This tends to be the recommended architecture (with variants) that most enterprise applications follow and most the experts (roughly) recommend:
Much of the focus in the blogosphere seems to generally accept this and focus on various aspects of this model.
ORM discussions like nHibernate and Linq to Entities focus on Data Access Logic (from the above diagram).
POX, REST, WCF, Web Services, et al. deal with various aspects of the Service Layer (again, from the above diagram).
BDD focusses on the Entities (the diagram) driving development of the system.
WF (man I wish they’d made it ‘WWF’… for another time) deals with Business Workflows (diagram.. redundant?).
Database Security is fairly well documented for each flavor of database out there. WCF is a great step in the right direction in documenting security implementations for the Service Interfaces. There’s not a lot out there on securing the user interface components (how many times have you been asked to implement different views based on user roles or credentials), but that seems to be more specific to the solution being developed.
It seems like there’s a LOT of work being invested in vetting out the true "best practice" in each of these areas. The area of the complete application picture that I feel tends to be most neglected is deployment. This may be just my not looking in the right areas, but here’s what I’ve seen:
ClickOnce is one technology addressing deploying an application. Tools to build MSI’s, like InstallShield and the Visual Studio SetUp project, are painful, complicated and painful! In some cases, your SDLC can influence your deployment strategy.
Agile favors frequent, lower risk releases. Some ISVs benefit from this deployment (Anti-virus software). Some just serve to irritate the users (Windows Update), even if you know the updates are necessary. Older flavors of RUP is more like Waterfall in that they favor less frequent, but higher risk releases.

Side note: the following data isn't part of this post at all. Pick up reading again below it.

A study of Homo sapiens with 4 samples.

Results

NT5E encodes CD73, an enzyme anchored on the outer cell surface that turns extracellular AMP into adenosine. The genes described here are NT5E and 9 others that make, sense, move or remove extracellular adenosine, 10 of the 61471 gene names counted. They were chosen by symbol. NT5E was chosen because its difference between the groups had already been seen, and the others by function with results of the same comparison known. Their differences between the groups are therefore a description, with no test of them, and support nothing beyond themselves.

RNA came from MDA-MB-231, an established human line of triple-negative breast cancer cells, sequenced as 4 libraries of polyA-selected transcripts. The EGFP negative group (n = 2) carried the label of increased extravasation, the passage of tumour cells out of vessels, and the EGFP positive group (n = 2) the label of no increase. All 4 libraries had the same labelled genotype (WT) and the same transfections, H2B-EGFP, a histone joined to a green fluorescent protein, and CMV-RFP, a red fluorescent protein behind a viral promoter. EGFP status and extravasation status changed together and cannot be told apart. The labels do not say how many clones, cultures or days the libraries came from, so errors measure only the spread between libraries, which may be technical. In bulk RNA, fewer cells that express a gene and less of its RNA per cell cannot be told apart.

Your market can influence how you deploy your solution. If you’re developing an application for internal use, people tend to like the latest and greatest asap. If you’re developing a retail application, users don’t tend to like having version 9 come out just because one year has passed since version 8 was release when there are no real improvements and is used only as a method to no longer support the older versions (see Roxio software).
This aspect of software development also has the nasty side-issue of licensing (for all applications save applications intended for internal use). I still love the rant that Carl Franklin goes on regarding Adobe’s licensing during episode 179 of the DotNetRocks podcast. Again, the sheer number of license flavors (even just look at the derivatives of GPL), is a clear indication that there is no "best practice" or recommendation out there for this component of deployment. Again, though, this may be something that is very specific to each solution.
Here’s the point: Risk management indicates that you should focus on the unknowns first. I’d say that this is likley the biggest unknown and is also likely the most neglected; likely because it’s hard to find the "right" way to do it.